M1 drivers watching videos, on the phone and not wearing seatbelt caught by unmarked HGV during Northamptonshire crackdown

'Supercab' spots more than 20 offences a day on motorway stretch

Police caught madcap motorists on the M1 not wearing seatbelts, on the phone and even watching videos while driving at 70mph during a crackdown last week.

Officers from Northamptonshire and Leicestershire forces used an unmarked HGV to spot offenders on a stretch of motorway between junctions 16 and junction 22.

Patrols carried out over five days as part of National Highway’s Operation Tramline saw traffic officers film evidence of dodgy driving from the truck's lofty cab.

Police use the 'Supercab' to pull alongside vehicles and gather evidence of unsafe driving

Checks identified a total of 105 offences across both counties of which 79 were in Northamptonshire including 45 for not belting up.

Another ten drivers in Northamptonshire were stopped for using a mobile phone while driving and six were considered not to be in proper control of their vehicle because they were busy doing something else.

PC Dave Lee, of Northamptonshire Police’s Safer Roads Team, said: “Reducing the number of people killed or seriously injured on our roads remains our priority, and so it is always disappointing to witness drivers breaking the law.

“As a result of Operation Tramline, the chances of getting caught have increased, which can only be a good thing and will hopefully encourage those who continue to put lives in danger to reconsider their driving behaviour.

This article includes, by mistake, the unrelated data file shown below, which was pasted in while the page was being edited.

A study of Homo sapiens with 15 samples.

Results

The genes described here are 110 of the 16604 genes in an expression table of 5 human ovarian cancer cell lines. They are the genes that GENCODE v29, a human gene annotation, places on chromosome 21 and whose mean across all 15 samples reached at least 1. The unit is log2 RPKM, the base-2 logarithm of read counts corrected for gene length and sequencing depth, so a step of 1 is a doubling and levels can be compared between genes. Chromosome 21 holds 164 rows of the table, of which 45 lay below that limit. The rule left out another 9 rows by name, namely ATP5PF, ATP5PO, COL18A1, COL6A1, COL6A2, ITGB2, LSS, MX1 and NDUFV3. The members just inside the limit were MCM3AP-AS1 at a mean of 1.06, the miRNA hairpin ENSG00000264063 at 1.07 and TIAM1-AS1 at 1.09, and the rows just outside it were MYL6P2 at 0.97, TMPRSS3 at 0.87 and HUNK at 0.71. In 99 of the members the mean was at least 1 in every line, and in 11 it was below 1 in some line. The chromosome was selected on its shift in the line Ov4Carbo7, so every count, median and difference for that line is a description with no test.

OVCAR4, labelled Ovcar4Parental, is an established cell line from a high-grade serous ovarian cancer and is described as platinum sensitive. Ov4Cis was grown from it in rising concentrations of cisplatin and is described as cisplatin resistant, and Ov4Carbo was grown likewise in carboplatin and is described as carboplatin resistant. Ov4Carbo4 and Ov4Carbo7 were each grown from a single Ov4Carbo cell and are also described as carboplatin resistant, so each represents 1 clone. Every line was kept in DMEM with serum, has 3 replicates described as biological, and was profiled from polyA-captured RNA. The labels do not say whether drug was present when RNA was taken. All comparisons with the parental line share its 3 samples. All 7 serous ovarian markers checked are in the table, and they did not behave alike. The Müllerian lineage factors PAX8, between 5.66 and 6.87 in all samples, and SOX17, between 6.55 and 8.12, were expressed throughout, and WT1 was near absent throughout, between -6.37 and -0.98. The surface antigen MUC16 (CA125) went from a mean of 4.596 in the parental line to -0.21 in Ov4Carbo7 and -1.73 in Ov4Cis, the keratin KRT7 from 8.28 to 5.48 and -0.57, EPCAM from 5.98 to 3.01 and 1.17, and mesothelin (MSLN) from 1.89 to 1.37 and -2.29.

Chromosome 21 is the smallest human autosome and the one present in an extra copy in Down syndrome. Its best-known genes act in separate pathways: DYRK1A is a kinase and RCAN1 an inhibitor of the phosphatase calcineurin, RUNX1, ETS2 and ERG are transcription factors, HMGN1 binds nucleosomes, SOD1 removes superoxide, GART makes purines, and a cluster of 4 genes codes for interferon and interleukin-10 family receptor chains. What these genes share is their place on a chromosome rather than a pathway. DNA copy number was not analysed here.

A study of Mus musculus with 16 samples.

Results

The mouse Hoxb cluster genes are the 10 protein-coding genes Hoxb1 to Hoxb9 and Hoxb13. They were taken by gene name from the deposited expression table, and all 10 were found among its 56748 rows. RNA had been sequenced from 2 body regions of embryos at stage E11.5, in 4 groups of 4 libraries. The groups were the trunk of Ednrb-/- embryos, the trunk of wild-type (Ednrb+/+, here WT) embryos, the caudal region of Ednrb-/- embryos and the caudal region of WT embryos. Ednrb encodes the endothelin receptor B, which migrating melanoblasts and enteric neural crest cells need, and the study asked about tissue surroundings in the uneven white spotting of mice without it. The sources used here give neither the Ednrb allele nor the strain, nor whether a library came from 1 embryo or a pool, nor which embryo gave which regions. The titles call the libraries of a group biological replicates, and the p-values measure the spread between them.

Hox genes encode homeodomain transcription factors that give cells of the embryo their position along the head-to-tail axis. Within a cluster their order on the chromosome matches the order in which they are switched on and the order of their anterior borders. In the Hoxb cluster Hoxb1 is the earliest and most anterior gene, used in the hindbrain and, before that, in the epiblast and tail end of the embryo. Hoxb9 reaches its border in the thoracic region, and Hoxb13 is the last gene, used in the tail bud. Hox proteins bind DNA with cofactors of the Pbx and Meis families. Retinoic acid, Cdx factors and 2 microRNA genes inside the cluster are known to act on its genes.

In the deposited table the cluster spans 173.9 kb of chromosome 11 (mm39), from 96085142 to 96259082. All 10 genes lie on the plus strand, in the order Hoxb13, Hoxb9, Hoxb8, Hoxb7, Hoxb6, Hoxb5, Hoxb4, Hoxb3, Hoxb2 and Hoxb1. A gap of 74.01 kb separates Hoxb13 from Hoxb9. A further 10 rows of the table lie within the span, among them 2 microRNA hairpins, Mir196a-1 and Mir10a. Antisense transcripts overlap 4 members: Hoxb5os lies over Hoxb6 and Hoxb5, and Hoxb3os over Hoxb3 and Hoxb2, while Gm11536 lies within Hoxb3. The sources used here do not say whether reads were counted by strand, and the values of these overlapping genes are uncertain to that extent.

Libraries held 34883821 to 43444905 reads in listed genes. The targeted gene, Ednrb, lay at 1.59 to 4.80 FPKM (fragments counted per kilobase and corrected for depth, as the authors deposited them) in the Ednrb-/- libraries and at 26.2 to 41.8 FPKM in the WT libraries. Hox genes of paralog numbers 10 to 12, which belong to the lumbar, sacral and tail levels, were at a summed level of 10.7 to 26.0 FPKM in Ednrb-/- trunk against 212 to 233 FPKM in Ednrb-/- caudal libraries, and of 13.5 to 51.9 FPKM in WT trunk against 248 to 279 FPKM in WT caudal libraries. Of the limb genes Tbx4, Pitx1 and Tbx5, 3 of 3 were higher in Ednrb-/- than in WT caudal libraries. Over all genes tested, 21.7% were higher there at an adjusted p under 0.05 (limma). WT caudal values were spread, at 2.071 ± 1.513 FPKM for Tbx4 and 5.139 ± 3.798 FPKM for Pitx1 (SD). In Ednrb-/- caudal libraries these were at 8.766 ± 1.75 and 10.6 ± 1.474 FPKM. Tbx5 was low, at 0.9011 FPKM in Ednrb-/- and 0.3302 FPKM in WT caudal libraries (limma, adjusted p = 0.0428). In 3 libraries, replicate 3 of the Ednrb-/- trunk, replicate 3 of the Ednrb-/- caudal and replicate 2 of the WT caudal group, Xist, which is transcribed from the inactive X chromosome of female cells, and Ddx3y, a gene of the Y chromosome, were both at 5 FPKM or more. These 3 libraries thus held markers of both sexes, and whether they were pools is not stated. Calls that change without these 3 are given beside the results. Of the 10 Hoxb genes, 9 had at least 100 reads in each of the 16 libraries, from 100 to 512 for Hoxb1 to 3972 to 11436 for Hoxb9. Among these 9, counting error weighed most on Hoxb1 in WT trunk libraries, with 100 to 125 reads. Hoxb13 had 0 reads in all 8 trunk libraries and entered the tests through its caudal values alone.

“To hold a driving licence is a privilege and a responsibility, especially those driving commercial vehicles, and we will continue to work with our partners to take a strong and robust approach to improve road safety.”

Officers used the unmarked HGV — one of three 'Supercabs' used by National Highways on its network of motorways and trunk roads — to pull alongside vehicles and film evidence of unsafe driving. Those spotted committing offences were then stopped by an unmarked police vehicle following a short distance behind.

The trucks have derestricted speed limiters, which means they can travel at speeds up to the national speed limit, and flashing lights for emergencies.

Two vehicles were seized for no insurance and two drivers were issued with words of advice between Monday and Friday (January 28) while a further 15 motorists were stopped for other offences — including watching videos while driving.

All those caught have been reported for offences and will be offered the opportunity to take an online education course if eligible, receive a fixed penalty fine or go to court.